An Open Letter to Summer People Everywhere

This is not “a recreational paradise” or “a summer playground”. This is our neighbourhood.

Those labels are marketing ploys used by real estate agents and business owners eager to make money on sales. They do not speak for us. We live here; they do not.

Many of us have lived here for five, ten, twenty years. Half of us are retired; half of us still work. We live here because we want to live on a lake in a forest. We love to look out at the water and see the sun sparkle, the moonlight shimmer. We love to hear the birds and see the squirrels at our feeders; we stand in awe when we see the occasional moose or bobcat. We sit out in the evening and look up at the starry sky. We open our windows at night to hear the loons as we fall asleep. We love the peace and quiet; we bask in the solitude.

So when you ‘summer people’ come here on the weekends and do whatever the hell you want, of course we consider it an invasion. And of course we want our neighbourhood back.

When you come here, you’re not leaving the city and driving to a place where you can ‘let loose’ – you’re simply leaving your own neighbourhood and entering ours.

When we have asked, politely, that you not drive so fast in your pick-ups, we were told we don’t own the road. (And to prove it, you sped up as you passed us, spraying gravel in our faces.)

When we have asked, politely, that you not come so close to us on your seadoos, you have screamed at us “You don’t own the fucking lake!”

True enough. But this is not a public campground: it is not empty before you arrive, it does not exist solely for your pleasure, it is not empty when you leave. Did you really think no one lives here?

Right. Okay.

Churn up the roads with your ATVs; no one will have to deal with the grooves and gullies until the grader next comes by because no one lives here.

Drive around on your dirt bikes all day, being sure to have made modifications so everyone within ten miles can hear you. All day. Because there isn’t anyone within ten miles to hear you.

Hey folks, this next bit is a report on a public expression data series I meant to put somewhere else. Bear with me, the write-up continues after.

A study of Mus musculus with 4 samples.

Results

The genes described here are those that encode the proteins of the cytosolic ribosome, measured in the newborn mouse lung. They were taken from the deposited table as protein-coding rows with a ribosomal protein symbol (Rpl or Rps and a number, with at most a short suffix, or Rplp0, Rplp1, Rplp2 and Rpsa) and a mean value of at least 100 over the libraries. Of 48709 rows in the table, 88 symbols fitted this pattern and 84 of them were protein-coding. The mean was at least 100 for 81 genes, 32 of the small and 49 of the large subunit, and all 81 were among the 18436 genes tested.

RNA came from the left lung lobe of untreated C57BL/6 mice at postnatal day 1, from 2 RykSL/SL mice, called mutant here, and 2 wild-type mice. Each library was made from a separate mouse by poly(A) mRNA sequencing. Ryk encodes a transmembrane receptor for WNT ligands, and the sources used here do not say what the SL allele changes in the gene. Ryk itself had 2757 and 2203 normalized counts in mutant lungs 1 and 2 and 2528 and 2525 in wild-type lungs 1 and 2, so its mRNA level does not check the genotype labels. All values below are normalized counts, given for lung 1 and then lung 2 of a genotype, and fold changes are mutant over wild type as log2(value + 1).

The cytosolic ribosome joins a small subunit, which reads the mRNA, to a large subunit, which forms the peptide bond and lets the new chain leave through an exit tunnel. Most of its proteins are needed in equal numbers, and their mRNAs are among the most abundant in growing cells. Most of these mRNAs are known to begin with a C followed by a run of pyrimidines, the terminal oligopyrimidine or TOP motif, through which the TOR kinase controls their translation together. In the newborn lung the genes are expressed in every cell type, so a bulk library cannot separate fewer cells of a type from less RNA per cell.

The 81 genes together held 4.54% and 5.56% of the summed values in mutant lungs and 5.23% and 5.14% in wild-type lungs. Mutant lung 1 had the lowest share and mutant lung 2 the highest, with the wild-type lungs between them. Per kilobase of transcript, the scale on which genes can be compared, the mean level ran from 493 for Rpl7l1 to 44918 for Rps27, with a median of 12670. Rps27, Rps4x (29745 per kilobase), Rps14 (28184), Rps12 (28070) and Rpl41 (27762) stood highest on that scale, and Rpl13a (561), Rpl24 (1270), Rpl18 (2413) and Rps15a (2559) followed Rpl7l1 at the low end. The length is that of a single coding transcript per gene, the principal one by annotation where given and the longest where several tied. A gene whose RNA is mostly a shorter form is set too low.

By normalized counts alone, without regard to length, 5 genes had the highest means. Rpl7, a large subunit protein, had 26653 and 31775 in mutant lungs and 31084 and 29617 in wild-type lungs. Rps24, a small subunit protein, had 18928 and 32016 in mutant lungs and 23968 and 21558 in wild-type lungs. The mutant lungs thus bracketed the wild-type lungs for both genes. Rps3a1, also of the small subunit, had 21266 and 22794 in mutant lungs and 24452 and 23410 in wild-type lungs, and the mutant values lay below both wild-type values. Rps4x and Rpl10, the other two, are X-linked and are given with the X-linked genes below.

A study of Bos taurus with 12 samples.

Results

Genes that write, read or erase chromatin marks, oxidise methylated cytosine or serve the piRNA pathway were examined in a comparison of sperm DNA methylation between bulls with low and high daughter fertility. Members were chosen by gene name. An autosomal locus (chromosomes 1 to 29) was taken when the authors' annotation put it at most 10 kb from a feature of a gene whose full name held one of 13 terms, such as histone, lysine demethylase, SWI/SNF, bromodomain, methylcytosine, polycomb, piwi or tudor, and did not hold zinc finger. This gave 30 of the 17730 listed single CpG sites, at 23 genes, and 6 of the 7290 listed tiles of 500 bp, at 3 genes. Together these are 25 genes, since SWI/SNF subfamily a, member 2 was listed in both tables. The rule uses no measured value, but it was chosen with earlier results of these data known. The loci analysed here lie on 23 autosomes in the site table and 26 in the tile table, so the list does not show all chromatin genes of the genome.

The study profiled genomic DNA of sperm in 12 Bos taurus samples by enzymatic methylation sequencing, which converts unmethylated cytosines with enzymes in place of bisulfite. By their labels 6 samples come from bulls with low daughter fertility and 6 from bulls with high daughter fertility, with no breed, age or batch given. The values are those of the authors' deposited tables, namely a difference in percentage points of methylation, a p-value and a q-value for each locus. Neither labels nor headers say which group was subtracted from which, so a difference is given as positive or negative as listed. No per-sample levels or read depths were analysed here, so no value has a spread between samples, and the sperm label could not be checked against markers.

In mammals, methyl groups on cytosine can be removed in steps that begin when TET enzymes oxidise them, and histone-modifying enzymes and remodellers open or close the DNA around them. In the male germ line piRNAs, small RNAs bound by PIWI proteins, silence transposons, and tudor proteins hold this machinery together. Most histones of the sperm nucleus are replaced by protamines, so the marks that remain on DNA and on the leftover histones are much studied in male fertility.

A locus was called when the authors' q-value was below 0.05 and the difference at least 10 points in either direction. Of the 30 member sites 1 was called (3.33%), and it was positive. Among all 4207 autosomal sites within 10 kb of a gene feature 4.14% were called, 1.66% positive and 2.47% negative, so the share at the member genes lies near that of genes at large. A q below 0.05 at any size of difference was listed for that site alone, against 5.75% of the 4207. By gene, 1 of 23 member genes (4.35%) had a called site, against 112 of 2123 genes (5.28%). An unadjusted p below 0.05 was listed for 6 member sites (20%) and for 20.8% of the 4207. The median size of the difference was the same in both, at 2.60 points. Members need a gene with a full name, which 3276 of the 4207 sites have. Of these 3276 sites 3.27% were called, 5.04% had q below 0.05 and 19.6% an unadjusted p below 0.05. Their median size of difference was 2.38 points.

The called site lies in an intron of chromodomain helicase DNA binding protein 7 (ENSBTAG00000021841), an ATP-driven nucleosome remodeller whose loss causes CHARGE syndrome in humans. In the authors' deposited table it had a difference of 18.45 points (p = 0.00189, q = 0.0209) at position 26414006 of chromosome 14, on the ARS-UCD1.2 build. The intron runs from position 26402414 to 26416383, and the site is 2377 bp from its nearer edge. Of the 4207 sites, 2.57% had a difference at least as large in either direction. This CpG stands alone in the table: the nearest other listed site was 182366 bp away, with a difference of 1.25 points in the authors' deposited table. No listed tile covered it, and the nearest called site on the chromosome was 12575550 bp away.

Don’t worry about people having to walk through the fume trail you leave because no one but you ever wants to use the trails.

Leave your empty beer cans and coffee cups and cigarette butts and fast food cartons along the roads and trails. No one will see any of it because no one lives here.

Don’t bother taking your household garbage to the dump; just toss it. Sure, it’ll attract bears, but you won’t be putting anyone at risk because no one lives here.

(And when all of it’s gone by the next time you’re up, that’s because a bunch of little elves came in the middle of the night and cleaned up after you.)

Use those environmentally-friendly solar lights that don’t have an on-off switch. Put dozens all over your property; they’ll stay on even when you’re not here. But they won’t spoil the dark and beautiful night, all night, every night, because no one lives here.

Have a campfire even when there’s a fire ban. If the fire spreads, that’s fine, no one’s home will burn down, because no one lives here.

When you turn on the radio, turn it up loud. Open all your windows. You won’t be forcing anyone else to listen to it because no one lives here. (And if they did, rest assured they like exactly the same music you do and want to listen to it when and for as long as you do.)

Park your party barge in front of someone’s house – oops, that’s not someone’s house. No one lives there. They won’t hear your kids’ shrieks or your conversation. (And if they do, they will care deeply about whether you remembered to buy marshmallows, where you left your hat, how to do a proper dive, whether the water’s too cold, and what to say to Mark when you get back.)

You can also park your fishing boat in front of someone’s house – oops. No one will smell your cigarette smoke or your motor fumes. They won’t hear your conversation either. (And if they do, they will surely want to know that John’s a fuckin’ asshole and that you couldn’t care less what that bitch does.)

Zoom around on your jet skis, bring your large-motored boats, consider the lake an abandoned gravel pit, pretend you’re doing the Indy 500. No one will have to go inside and shut their windows, because no one lives here.

Believe Home Depot and Canadian Tire when they tell you that being ‘at the lake on the weekend’ is all about being a he-man: use all the power tools you want – nail guns, circular saws, lawn mowers, weed trimmers, leaf blowers, and chain saws. Use them outside. Use them on the lake side. Use them in the morning, in the afternoon, in the evening. No one will hear any of it because no one lives here.

(And if we do, we don’t want to sit outside anyway. It’s not like we’ve been waiting through six months of winter and another month of bugs to finally be able to do so.)

Don’t spend the money to hook up to hydro; use a generator instead. No one will have to hear the motor echo across the lake all day, and all evening, and into the night if you go into town and don’t come back until two or three in the morning, because no one lives here.